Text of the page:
What’s Missing from Your Bucket List?


It's obvious - and yet so often overlooked or forgotten.

By Eric Peterschmidt

That list… you know the one. The list of things we want to do while we still can. The “bucket list.” 

For many, there are trips to exotic – or not so exotic – places. “Airboat through the Everglades,” perhaps. Or “visit all 50 states.” Maybe it’s simple – “Go camping in the mountains” or “take a bike ride on the Katy Trail.” 

Some bucket list items are nature-inspired, like “have a wild deer eat out of my hand,” “pet an elephant,” or “ride a horse for the first time.” “Swim with dolphins” is another popular bucket list item (and one I’d like to do myself). 

Others are quite personal: “Become a parent,” “save a life,” “find my birth parents,” or “trace my family tree.” 

Bucket lists inspire us to do more, be more, see more. To get into action. To fulfill dreams.  

But there’s one big thing that is missing from most bucket lists. Is it missing from yours? 

Tell the stories. 

That’s right. Tell the stories. And pass them on. 

If you’re a parent, there are stories you could share with your children about growing up, how you met your spouse, stories about your wedding, their birth, your first house, that dog that actually did eat your homework… 

As part of a family, you likely have stories to share about Uncle Larry and that one Thanksgiving, or the strangest gift you ever got, or the driving test when you got your license. A birthday party that turned into a disaster, a neighborhood event, or even the birthday that didn’t happen. The time Aunt Millie came over to bake cookies and put in salt instead of sugar and you tried to pretend they were good because you didn’t want to hurt her feelings.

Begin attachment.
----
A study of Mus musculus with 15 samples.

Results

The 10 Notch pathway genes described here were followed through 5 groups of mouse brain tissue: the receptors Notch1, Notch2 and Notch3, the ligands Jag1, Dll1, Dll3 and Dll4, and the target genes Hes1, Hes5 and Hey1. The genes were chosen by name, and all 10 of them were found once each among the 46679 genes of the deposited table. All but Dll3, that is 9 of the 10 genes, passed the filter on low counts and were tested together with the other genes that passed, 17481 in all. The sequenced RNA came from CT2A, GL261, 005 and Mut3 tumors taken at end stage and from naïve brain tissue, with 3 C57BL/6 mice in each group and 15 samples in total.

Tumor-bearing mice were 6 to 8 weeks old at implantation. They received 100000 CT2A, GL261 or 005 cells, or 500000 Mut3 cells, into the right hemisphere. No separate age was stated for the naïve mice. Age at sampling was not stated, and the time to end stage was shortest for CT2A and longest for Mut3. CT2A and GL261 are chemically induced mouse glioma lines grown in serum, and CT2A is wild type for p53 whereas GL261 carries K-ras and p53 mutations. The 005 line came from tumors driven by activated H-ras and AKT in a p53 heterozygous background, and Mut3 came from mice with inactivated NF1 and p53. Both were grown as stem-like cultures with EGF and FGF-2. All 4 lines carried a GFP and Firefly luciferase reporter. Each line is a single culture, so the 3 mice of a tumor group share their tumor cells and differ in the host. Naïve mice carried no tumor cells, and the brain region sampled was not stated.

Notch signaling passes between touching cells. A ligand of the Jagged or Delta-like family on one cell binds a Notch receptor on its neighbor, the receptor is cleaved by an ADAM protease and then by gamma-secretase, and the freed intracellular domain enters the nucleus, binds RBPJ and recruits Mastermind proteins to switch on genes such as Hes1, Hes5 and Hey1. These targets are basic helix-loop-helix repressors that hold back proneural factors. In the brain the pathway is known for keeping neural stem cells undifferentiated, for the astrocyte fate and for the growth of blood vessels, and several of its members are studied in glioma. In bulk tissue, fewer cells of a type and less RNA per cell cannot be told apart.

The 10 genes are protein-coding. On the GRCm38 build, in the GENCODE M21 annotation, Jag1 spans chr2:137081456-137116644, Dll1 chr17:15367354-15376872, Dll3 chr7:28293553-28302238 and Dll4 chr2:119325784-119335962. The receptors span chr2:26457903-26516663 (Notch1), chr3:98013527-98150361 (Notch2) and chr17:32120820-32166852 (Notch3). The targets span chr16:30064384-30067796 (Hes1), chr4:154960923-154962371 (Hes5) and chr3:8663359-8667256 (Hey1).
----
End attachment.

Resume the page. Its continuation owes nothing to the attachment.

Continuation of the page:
The stories that have made you into the person you are. 

When you start telling the stories, you might be surprised. Another family member might have something to say about Uncle Larry and his holiday antics, or how Aunt Millie always messed up the cookies. Or a memory you didn’t expect about when you announced you were getting married, or a different perspective on that thing that happened in school that time. 

When you accomplish the trip that’s on your bucket list, what will be most meaningful to your family? The pictures you take? Or the stories you tell that go with them? How did you FEEL when you stood on the Great Wall of China? How did it FEEL to finish that 100 mile bike ride (and how many days until you could walk again)? What did you have to go through to swim with a pod of dolphins?  

The stories are what make the pictures come alive. 

Many of us don’t have pictures of some of the things we remember from our childhood. Did you win the school spelling bee? Your school picture from that year could inspire a host of stories to share. A relative’s wedding picture might remind you of hiding under the tables and untying people’s shoes (ahem – I don’t know anyone who did that). 

The stories make us real – releasing us from the family “context” and enriching our legacy. Are you a colorful character or a house mouse? A trouble-starter or the family peacemaker? The rule-follower or the rebellious one?  

Wouldn’t your family LOVE to hear your stories? 

I encourage you to add this one thing to your bucket list: TELL THE STORIES. 

If you are fortunate enough to have elders in your family, add one more thing to your bucket list: GATHER THE STORIES. 

That’s right – start asking the elders questions about their lives. Capture the stories. Find the old photos and ask who the people are, what the occasion was, where it took place, and when. Type or record the stories. Preserve them for the next generations.

The best thing about these two additions to your bucket list? They don’t cost a thing. You don’t have to travel, you don’t need to buy a ticket, and you don’t need to be physically fit. You just have to talk or type or listen or record. 

Pull out a picture – an old one, a recent one – whatever works for you. What’s the story behind it? 

The stories are where the real memories are – and they deserve to be remembered, shared, and cherished. Don’t you think?